The Oklahoma City Eagles, 1952 YMCA champs
(23157.128.1, Jimmy Stewart Collection, OHS).


Most African Americans were historically excluded from playing baseball with their white brothers until Jackie Robinson broke the color barrier in the white major leagues in 1947. However, long before Robinson paved the way for African Americans to play baseball at all levels, "blackball" was a source of great pride for African Americans in Oklahoma.

In black high schools and in sandlot leagues young African Americans excelled on the diamond, often overcoming the influence of poorly maintained fields and improper equipment. An example is Willie Wells, who played for sandlot teams in Oklahoma City in his teenage years before becoming one of the best shortstops in the history of the Negro Leagues. In 1997 he joined the Baseball Hall of Fame.

Black minor-league clubs in Oklahoma, organized as early as 1910, served as an informal farm system for the Negro Leagues. Teams in Oklahoma City and Tulsa regularly sent star players to teams such as the Kansas City Monarchs. Wilber Joe "Bullet Joe" Rogan left his native Oklahoma City to play for the Monarchs and rivaled Satchel Paige as the best pitcher in the Negro Leagues in the 1930s. In 1998 Rogan was elected to the Baseball Hall of Fame.

Oklahoma franchises such as the Oklahoma Giants and the Tulsa Black Oilers had loyal fans. Games between black teams drew huge crowds to baseball fields normally used by white teams. In 1929 the Douglass High School band led a parade to an Oklahoma City ballpark, and newspaper publisher Roscoe Dunjee threw out the first pitch to launch a new season for the Oklahoma City Black Indians.

The popularity of blackball in Oklahoma began to decline during the Great Depression, because fans had no extra money for leisure activities. After Pres. Franklin Roosevelt's New Deal provided jobs for the needy, the Oklahoma City Black Indians regrouped and kept a sporadic schedule against All-Black teams such as the Tulsa Black Oilers, Guthrie Black Spiders, and Boley Wonders.

After World War II and Jackie Robinson's entry into the major leagues, the decline of blackball came quickly. The last recorded Oklahoma Negro Leagues game was played at Tulsa's Oiler Park on June 5, 1962. However, Oklahoma continued to provide star African American players for the integrated major leagues. Henry "Hank" Thompson, an Oklahoma City native, was the first black player for both the New York Giants and the St. Louis Browns. Willie Stargell, born at Earlsboro, was the two hundredth player inducted into the Baseball Hall of Fame. He is one of only a handful of men in baseball history to play for only one team for twenty seasons. Stargell died in 2001.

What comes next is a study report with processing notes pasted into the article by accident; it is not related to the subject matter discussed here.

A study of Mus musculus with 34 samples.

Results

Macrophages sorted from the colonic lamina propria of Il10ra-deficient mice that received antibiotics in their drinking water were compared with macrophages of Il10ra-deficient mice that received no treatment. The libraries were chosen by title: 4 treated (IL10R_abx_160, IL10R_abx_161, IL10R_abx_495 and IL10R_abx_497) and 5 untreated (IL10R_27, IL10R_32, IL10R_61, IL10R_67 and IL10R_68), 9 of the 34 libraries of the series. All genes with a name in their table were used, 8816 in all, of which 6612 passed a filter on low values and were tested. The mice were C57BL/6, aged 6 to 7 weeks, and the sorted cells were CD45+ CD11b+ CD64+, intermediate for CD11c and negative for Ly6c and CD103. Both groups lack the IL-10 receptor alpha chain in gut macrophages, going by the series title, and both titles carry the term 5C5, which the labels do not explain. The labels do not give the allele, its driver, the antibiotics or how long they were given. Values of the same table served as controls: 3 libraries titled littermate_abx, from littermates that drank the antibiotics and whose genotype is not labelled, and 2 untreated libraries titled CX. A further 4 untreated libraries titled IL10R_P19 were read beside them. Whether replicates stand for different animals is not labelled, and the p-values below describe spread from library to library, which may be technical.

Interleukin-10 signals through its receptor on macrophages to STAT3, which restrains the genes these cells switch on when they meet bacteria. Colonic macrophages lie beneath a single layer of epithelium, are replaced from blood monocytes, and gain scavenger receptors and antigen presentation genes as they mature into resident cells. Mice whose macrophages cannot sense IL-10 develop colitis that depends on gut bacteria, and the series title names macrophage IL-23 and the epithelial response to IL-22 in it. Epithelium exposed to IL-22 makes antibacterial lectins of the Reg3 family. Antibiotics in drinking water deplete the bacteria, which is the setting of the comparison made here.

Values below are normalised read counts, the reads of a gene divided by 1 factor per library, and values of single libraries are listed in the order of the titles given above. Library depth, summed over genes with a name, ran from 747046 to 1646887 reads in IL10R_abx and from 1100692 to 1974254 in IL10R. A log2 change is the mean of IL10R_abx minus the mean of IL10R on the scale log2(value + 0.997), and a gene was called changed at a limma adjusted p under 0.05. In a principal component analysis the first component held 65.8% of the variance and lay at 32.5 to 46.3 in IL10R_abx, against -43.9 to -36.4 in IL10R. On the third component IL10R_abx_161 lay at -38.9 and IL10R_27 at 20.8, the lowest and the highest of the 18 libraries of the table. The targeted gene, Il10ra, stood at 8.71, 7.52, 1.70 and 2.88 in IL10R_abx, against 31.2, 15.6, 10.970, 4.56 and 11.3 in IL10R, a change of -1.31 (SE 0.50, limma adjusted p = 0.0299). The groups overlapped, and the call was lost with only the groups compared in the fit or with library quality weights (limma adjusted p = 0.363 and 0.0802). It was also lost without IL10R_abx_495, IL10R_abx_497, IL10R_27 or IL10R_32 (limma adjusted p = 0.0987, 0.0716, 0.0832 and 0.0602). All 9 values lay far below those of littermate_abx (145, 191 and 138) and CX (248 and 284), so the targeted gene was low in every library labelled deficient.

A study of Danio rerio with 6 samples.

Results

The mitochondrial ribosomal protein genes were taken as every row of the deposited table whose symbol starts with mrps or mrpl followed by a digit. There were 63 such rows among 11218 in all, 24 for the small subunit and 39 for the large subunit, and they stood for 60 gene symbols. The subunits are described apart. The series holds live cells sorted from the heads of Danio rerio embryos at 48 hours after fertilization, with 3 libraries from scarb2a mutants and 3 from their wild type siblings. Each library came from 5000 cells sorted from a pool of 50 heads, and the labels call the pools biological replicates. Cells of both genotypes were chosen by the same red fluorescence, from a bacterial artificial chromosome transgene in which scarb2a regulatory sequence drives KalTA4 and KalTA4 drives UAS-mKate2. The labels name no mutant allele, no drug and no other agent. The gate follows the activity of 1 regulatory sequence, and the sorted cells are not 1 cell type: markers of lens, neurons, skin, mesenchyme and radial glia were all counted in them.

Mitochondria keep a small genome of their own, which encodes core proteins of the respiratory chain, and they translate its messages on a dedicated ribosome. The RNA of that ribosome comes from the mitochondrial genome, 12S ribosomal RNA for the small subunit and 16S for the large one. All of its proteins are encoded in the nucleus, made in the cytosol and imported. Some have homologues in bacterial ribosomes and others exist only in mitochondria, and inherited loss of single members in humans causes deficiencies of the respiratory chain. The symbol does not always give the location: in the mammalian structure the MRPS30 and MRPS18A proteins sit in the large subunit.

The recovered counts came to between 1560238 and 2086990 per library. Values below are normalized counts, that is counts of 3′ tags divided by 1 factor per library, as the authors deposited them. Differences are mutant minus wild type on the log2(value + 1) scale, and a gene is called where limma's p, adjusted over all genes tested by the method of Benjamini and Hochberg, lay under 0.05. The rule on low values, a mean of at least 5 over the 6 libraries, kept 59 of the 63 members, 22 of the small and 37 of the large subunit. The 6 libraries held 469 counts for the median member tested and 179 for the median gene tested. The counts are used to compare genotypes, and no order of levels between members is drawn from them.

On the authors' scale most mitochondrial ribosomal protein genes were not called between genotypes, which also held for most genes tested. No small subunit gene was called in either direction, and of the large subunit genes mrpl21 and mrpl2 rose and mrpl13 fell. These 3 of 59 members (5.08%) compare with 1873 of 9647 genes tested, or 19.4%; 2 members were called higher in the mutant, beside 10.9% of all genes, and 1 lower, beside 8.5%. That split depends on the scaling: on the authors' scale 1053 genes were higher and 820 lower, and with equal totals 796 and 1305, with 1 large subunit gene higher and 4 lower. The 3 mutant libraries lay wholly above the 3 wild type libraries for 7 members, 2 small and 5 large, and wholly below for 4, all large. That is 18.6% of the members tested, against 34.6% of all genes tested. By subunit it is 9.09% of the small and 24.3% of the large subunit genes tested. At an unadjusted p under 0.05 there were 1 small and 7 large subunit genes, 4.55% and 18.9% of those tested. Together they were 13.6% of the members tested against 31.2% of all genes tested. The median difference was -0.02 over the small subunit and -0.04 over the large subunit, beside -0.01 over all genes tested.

From Oklahoma City's Millwood High School came Joe Carter, who hit one of the most memorable home runs in World Series history. His ninth-inning homer won the 1993 World Series for the Toronto Blue Jays.

Bob Burke


Bob Burke, Kenny Franks, and Royse Parr, Glory Days of Summer: The History of Baseball in Oklahoma (Oklahoma City: Oklahoma Heritage Association, 1999).

John Holway and Buck O'Neil, The Complete Book of the Negro Leagues: The Other Half of Baseball History, ed. Lloyd Johnson and Rachel Borst (Fern Park, Fla.: Hastings House Publishers, 2001).

Robert Peterson, Only the Ball Was White: A History of the Legendary Black Players and All-Black Professional Teams (Englewood Cliffs, N.J.: Prentice-Hall, 1970).

Jules Tygiel, Past Time: Baseball as History (New York: Oxford University Press, 2000).


The following (as per The Chicago Manual of Style, 17th edition) is the preferred citation for articles:
Bob Burke, “Baseball, African American,” The Encyclopedia of Oklahoma History and Culture, https://www.okhistory.org/publications/enc/entry.php?entry=BA031.